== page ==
Lockheed Martin Marks Missile Defense Milestones

THAAD

Lockheed Martin and its U.S. Missile Defense Agency and U.S. Army customers, mark two major milestones in the history of missile defense technology on June 10.

On this date in 1984, the Army’s innovative Homing Overlay Experiment (HOE) vehicle, developed by Lockheed Martin, accomplished what many thought could not be done. It intercepted a ballistic missile target outside of the atmosphere using sheer force of impact without explosive warheads. It proved the viability of “hit-to-kill” technology to destroy a missile in flight, pioneering today’s life-saving missile defense technology. 

More hit-to-kill technology success followed, including the Missile Defense Agency’s Terminal High Altitude Area Defense’s (THAAD’s) first intercept on the same date in 1999. The Lockheed Martin-developed THAAD hit a ballistic missile target over White Sands Missile Range, New Mexico, 15 years after HOE’s breakthrough.

“While luck placed these intercept anniversaries on the same day, it had no part in these accomplishments,” said Tory Bruno, president, Strategic & Missile Defense Systems, Lockheed Martin Space Systems. “They took innovation, expertise and determination.”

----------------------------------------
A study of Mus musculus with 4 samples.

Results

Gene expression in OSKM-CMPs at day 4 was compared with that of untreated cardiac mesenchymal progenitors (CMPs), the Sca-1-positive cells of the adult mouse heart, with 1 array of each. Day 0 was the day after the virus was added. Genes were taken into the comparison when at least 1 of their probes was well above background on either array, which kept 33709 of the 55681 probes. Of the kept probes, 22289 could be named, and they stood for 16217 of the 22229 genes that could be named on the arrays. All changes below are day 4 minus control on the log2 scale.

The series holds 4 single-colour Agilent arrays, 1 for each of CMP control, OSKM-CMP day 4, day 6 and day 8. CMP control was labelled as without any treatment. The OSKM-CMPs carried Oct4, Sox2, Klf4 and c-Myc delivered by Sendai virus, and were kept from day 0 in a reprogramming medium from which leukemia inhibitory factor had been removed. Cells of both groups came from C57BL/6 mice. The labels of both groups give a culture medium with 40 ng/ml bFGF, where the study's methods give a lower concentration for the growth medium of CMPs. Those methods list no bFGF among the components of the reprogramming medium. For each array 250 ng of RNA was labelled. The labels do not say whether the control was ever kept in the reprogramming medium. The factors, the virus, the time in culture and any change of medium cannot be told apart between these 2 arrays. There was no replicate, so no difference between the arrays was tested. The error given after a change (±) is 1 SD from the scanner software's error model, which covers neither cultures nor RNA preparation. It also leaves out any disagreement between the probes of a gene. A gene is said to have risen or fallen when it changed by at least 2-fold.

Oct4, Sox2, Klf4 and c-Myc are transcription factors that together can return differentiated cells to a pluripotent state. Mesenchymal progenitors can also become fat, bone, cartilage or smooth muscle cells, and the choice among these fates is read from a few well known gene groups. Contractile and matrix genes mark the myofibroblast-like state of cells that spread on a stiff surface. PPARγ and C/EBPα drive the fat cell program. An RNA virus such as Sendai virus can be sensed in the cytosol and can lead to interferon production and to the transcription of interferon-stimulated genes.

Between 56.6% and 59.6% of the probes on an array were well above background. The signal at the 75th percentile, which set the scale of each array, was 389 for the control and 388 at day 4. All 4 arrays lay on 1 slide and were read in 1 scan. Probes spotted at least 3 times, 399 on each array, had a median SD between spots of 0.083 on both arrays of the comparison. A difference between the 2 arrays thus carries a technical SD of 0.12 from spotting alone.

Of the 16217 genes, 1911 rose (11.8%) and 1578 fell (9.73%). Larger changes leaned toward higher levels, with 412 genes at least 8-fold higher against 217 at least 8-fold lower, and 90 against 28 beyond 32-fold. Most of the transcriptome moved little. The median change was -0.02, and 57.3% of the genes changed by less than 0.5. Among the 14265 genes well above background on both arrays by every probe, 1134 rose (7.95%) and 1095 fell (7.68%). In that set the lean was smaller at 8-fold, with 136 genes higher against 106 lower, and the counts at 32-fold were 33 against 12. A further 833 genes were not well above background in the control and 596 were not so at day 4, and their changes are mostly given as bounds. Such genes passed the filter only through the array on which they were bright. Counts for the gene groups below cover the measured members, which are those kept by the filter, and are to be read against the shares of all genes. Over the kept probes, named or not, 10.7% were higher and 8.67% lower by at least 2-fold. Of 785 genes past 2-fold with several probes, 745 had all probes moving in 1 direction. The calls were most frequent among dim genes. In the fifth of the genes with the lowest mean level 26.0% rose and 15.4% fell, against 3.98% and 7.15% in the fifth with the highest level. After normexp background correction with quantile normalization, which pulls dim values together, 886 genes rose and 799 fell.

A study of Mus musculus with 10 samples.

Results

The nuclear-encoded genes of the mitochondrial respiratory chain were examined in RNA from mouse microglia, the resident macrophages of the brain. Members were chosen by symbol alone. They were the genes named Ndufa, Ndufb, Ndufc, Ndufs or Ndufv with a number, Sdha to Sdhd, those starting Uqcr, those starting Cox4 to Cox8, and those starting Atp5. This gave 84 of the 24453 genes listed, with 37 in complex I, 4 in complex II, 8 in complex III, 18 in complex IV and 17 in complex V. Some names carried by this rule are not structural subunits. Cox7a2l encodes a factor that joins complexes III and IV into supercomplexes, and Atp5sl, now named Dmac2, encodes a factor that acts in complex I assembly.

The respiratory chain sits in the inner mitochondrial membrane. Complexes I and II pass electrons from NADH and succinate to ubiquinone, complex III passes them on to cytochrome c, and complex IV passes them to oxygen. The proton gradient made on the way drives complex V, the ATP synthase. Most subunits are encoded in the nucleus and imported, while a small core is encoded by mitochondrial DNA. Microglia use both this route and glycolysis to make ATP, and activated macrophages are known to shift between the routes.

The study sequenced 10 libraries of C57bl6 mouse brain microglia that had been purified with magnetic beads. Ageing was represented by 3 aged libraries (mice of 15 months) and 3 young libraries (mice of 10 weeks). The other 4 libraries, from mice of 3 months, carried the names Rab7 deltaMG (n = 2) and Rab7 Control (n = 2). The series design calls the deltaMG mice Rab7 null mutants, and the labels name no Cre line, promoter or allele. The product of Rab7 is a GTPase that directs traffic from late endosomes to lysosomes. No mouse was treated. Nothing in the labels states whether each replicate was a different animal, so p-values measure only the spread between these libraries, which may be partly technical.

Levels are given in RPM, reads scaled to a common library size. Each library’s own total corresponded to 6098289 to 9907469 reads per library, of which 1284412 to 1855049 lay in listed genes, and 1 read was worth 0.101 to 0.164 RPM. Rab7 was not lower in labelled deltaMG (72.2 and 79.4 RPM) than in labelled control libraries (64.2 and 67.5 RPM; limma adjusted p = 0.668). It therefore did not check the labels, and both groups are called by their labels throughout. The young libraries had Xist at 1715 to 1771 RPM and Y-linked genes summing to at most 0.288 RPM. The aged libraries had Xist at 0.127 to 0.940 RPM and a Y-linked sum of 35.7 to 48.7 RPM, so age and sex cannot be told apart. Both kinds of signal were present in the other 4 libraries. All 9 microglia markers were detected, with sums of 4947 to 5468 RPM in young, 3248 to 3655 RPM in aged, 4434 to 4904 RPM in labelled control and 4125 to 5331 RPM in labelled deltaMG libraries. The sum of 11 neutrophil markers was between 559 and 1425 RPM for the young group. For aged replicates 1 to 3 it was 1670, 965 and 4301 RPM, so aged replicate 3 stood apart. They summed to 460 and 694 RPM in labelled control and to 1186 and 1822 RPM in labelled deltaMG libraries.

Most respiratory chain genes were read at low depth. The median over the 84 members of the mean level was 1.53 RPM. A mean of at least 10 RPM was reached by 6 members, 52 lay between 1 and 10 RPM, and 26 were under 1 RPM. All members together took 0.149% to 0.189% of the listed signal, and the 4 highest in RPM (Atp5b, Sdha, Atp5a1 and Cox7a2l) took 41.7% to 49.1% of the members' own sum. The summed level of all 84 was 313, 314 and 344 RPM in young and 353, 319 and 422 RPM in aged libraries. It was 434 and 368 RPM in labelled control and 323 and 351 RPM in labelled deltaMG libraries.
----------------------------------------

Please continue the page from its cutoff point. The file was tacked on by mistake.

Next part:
“Lockheed Martin has been proving that hit-to-kill technology works for decades,” said Mike Trotsky, vice president, Air & Missile Defense, Lockheed Martin Missiles and Fire Control. “Pure kinetic energy interceptors, such as THAAD and PAC-3, are the only proven way to defeat the most challenging threats facing the warfighter today and tomorrow.”

Since the 1980s, the technology débuted by the Homing Overlay Experiment has been proven in more than 80 successful intercepts in combat and testing. That includes 11 intercepts in 11 attempts since 2005 by the THAAD development program since 2005. 

In addition to THAAD, which was deployed internationally for the first time in 2013 by the U.S. Army to Guam, systems using hit-to-kill technology today include the Aegis Ballistic Missile Defense, the Patriot Advanced Capability-3 Missile and the Ground-based Midcourse Defense systems, as well as the Medium Extended Air Defense System developed by the United States, Germany and Italy.

 

 

 

 

 

 

June 10, 2014


THAAD THAAD achieved its first intercept in its tenth flight test June 10, 1999. A corkscrew-like energy management steering maneuver reduced the missile’s speed for safety constraints at White Sands Missile Range, New Mexico.